The McKinsey Quarterly had a nice piece on Reforming hospitals with IT investment that contained a great paragraph:

Combined with clinical-decision-support (CDS) tools that give physicians best-practice guidelines for medical procedures and with stricter coding classifications, electronic health records not only broaden access to medical information but also serve as a forcing agent to spur the adoption of standard operating procedures and best medical practice.

While the bulk of the article was on Electronic Medical Records/Electronic Health Records I appreciated this emphasis on the role of decision making in delivering the benefits of electronic medical records. Too many articles on EMR/EHR systems assert that simply storing, managing and regurgitating information about patients will improve results. Given the pressure on medical staff to act rapidly in emergencies and to minimize time spent with patients for cost reasons, simply having more information is insufficient. Medical staff need active systems, systems that will make decisions (“this test is not necessary”, “this procedure should be substituted for that one”, “this drug is contraindicated for this patient”) if that information is to be put to work.

I have blogged about the role of decision management in effectively taking medical records online before. We will not get the value we need out of these systems unless we combine integrated, available medical records with best practice and analytics-based treatment recommendations, problem identification and drug interaction/dosage monitoring and more. Healthcare decision management.


Comments on this entry are closed.

  • Tim Richardson August 23, 2010, 8:00 am

    Have you seen many articles with published logical rules – I’ve read articles that show the RESULTS of the published rule (eg: …a 20% decrease in improper/inappropriate antibiotic ordering…) but most of the articles I’ve seen do not publish the actual rule (eg: If-then statements that match signs/symptoms to decisions).

    I’m in the position of recommending modifications to an EMR for an orthopedics physical therapy practice and I’m trying to find published examples of the actual rules that I can hand to the software guy who will write them into the program.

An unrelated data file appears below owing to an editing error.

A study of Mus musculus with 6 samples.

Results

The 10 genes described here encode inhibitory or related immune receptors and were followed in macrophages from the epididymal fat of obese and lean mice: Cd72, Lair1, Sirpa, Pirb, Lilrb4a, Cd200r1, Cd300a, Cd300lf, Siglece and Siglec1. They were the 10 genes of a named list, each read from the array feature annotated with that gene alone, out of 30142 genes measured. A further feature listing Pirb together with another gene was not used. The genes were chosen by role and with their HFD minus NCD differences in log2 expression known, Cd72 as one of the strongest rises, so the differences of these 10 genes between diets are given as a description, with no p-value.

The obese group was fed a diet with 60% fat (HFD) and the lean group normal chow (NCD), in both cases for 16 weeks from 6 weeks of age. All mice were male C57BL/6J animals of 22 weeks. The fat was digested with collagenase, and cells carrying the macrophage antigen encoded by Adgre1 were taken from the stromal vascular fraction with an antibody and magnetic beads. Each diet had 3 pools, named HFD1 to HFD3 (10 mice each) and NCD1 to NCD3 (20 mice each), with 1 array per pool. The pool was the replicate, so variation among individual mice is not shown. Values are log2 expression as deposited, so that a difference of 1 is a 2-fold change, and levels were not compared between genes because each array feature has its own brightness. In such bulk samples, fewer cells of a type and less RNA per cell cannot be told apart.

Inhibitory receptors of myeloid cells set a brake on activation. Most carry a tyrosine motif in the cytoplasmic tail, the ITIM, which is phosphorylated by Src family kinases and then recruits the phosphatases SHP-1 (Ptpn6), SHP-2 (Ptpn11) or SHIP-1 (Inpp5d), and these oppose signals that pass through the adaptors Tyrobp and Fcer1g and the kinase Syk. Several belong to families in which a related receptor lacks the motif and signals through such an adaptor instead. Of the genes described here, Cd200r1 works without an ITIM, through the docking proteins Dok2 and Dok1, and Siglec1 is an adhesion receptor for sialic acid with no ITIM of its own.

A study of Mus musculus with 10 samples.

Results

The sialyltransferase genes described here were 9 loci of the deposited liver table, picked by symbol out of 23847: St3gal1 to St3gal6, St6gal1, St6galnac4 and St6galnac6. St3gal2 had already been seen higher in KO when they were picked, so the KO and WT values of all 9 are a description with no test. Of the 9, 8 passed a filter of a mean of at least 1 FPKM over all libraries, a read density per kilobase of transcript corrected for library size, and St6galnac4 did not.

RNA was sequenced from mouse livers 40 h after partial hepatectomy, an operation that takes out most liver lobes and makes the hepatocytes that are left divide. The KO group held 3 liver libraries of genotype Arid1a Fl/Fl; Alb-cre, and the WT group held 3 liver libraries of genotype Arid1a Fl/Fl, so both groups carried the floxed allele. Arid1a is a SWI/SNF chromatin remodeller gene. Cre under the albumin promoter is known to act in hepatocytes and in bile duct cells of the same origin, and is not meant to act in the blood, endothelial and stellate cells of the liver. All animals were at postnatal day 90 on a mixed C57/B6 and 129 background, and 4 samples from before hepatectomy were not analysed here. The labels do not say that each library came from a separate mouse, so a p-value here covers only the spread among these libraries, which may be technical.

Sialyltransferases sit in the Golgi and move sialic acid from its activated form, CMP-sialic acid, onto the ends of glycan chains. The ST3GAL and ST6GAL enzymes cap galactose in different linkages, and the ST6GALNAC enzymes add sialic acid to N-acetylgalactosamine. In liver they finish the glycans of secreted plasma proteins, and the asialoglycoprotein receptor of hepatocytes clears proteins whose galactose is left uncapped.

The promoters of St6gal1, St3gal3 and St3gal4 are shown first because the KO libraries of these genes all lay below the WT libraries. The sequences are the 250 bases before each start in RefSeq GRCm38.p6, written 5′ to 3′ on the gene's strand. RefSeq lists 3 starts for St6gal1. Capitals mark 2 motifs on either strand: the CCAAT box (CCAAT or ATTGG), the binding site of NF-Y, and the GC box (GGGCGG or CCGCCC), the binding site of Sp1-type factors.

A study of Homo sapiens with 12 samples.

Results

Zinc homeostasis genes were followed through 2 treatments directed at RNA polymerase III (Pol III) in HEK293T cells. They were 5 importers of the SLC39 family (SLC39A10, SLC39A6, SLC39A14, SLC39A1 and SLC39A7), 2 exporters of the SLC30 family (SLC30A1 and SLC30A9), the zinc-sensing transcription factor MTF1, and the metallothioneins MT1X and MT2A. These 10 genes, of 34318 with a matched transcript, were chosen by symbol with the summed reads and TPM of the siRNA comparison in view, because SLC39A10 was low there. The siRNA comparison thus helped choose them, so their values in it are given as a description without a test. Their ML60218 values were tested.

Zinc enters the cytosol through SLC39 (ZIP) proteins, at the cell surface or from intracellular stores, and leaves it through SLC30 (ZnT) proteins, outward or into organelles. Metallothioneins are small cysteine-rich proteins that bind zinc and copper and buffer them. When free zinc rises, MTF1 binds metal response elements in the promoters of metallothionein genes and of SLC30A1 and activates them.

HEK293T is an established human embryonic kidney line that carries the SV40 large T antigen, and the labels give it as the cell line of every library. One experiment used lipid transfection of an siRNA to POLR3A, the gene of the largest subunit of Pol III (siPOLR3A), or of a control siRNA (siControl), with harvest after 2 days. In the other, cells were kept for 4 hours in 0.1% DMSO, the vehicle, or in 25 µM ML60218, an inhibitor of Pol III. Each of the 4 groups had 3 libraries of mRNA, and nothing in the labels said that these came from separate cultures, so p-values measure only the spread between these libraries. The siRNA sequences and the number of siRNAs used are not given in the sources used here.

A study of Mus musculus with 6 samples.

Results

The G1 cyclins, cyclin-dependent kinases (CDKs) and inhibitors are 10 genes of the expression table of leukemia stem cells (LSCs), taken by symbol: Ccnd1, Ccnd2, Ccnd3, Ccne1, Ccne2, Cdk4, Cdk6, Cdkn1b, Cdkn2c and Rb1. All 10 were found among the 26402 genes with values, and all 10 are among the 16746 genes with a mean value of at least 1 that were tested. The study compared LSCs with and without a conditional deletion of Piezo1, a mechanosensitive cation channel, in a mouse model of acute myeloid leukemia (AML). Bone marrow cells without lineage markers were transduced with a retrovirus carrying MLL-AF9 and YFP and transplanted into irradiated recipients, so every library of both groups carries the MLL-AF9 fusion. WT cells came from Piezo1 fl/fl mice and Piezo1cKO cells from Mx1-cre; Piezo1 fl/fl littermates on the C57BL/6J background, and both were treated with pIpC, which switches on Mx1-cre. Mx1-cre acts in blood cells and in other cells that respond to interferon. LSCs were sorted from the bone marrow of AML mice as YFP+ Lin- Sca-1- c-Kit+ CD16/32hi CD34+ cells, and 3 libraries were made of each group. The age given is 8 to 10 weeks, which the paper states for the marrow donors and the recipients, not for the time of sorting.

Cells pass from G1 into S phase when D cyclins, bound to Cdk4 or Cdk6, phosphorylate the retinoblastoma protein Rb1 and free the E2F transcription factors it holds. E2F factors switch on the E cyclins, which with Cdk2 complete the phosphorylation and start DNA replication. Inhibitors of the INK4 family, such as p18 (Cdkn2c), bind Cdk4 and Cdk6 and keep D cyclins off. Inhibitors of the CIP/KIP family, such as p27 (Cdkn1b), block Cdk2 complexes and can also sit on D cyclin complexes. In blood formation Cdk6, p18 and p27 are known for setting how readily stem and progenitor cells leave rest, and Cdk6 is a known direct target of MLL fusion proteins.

Thank you,

    Tim Richardson, PT

    • James Taylor August 23, 2010, 8:16 am

      Thanks for the comment. Probably the easiest place to find some examples is on Corticon’s RulesWorld site. Check out the healthcare section. You will need to register (it’s free) but you should find something useful.
      Let me know if not

  • Nick van Goor August 23, 2010, 12:50 pm

    Hi James,

    Last week I visited with a friend of mine who works for a healthcare system here in Minnesota. He showed me their “brand new” EMR system, which went live late last year. I was shocked at how archaic and un-userfriendly the system was. In fact, he told me that since the new system was installed, provider productivity had gone down 15%. This is a system that was five years in the making (which might be one of the problems).

    I’ve become more and more fascinated with decisioning in medicine. I’m in the process of reading “How doctors think,” by Jerome Groopman, which is quite enlightening and provides insight into how we might help doctors use analytics. I think it isn’t that analytics is distrusted by doctors, it’s just that traditional analytics doesn’t fundamentally solve their problem: the cost of a false negative is catastrophic.

    I wrote a blog-entry today on some other thoughts I had on decisioning in healthcare, and would value your opinion.



  • Mark Eastwood August 25, 2010, 10:22 am

    A few years ago I worked with a larger player in the space of electronic health records/hospital information systems and was shocked to learn that while they embed a rule engine, they don’t really use it. A few of their clients have since gone on to make use, but at the time only a very few.

    To me the idea that decision automation could alert a doctor or other hospital staff of potential problems with a patient or to prevent errors relating to patient care is a big win. We’re not replacing doctors or nurses, we’re helping them do a better job. Seeing an alert that patient XYZ has had a change in some lab result by greater than x% could be life threatening. Helping the medical team to react more quickly or creating some kind of “are you sure you want to give this patient more of drug X” might just save a life. How many kids die each year because they were given the wrong dose of medicine? (Too many I’m sure.)

    Diagnostics is another area that’s very difficult; yes I do watch the TV show House. I can imagine decision support systems for doctors that would support diagnosis, prompt them to run a particular test or examine this result or ask this question.

    Lastly I know that there are publications listing the current care standards for many conditions and diseases. What if this could be tracked, match up a doctor’s performance against care standards and create a “report card”. It would point out a need for professional education or changes in their current practices. Hospitals and insurance companies might use the data to compensate doctors for “better grades”. Decision support systems could help doctors perform at high levels of proficiency even with large patient loads.